How To Interpret Response Rates Correctly

Some have a hard time with this, but you can use your response rates to tell you some important stuff…if you read them right…

A great article on direct mail statistics lays out the truth about response rates. In essence, it says that sales matter (or conversion rate), profits matter (or return on investment) and that ad response rates are considered good or bad based only on those two things.

There’s one important indicator the article didn’t touch. The gap between your response rate and your conversion rate. I call this…

The Fallout Rate

It’s basically the difference between your response rate and conversion rate. It’s like you pick up a few calls on your sales train and some of them “drop” before you reach the sales destination (the cash register).

To illustrate, suppose you advertise your consultancy company by mailing out 1000 ads, and from there you get 100 responses and 20 sales. Your response rate is 10% (100/1000) and your conversion rate is 2% (20/1000). Your fallout rate is 8% (Response rate minus conversion rate)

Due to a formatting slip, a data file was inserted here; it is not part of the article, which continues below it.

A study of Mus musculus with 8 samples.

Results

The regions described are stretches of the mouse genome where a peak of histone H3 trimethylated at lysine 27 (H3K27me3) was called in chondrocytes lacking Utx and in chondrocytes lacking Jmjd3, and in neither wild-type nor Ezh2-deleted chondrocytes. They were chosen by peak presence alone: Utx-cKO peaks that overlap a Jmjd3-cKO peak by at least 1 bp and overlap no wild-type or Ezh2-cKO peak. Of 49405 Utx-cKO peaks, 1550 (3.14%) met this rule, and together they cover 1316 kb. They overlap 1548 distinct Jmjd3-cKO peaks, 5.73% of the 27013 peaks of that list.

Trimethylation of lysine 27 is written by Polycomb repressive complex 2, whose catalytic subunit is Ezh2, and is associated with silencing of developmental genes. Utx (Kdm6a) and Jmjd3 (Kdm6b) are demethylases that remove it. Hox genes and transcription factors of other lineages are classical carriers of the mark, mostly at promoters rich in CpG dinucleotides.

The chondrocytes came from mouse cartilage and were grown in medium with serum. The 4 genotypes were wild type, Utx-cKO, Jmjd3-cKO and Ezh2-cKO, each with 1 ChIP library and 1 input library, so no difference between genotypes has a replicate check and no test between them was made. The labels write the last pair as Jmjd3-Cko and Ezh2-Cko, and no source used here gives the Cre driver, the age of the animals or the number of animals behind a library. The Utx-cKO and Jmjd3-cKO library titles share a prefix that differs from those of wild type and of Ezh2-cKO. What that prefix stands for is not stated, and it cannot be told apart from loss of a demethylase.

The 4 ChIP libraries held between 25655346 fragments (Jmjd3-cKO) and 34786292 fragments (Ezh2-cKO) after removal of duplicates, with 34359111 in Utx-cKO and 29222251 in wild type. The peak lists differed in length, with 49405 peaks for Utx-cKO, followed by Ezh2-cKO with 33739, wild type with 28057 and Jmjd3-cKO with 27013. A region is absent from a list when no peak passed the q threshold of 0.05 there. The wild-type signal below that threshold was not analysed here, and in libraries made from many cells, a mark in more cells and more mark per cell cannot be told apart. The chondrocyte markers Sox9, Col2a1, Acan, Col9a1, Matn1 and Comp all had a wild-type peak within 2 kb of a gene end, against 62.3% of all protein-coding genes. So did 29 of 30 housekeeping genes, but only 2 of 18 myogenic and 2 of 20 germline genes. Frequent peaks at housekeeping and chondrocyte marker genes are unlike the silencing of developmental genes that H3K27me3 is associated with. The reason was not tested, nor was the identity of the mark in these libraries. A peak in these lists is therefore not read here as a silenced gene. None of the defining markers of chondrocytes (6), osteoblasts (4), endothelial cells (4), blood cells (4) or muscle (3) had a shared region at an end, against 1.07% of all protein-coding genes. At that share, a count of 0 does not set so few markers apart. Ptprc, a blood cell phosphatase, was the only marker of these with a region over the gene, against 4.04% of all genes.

Kind of high right? What is significant about the fallout rate?

Well the fallout rate tells you how many sales you lost from interested customers. The smaller the fallout rate, without losing conversion rates, the better. The bigger the fallout rate, the more likely something is up…

Suppose the response rate is measured by the people who call your consultancy and the conversion rate is determined solely by the number of people you close on the phone. What does a high fallout rate mean?

The fallout out rate examines your response to conversion process. If the fallout rate is big (especially if its more than your conversion rate), there’s probably a big hole somewhere on your way to a sale.

It could mean that your sales pitch is not up to par. It could mean something in your ad is misleading or promising too much because they are disappointed with what they find after they talk you.

It could mean your sales process is weak or too complicated so potential buyers lose interest. It could mean your sales staff is rude or that your ad doesn’t sell enough to the right people. Maybe you’re attracting too many weak leads from your ad…

Yeah now you have to find exactly what the problem is. That will take some investigating and research on your end.

Its an important indicator to look at, as it tells how your marketing to sales process is doing. You could spot trouble and work on finding out the best solution to fix your marketing to sales process. You’ll know you got it right when your fallout falls (without reducing the number of response rates)

Figure out what your fallout rate is for each ad you produce. It’ll help you keep your competitive edge efficiently.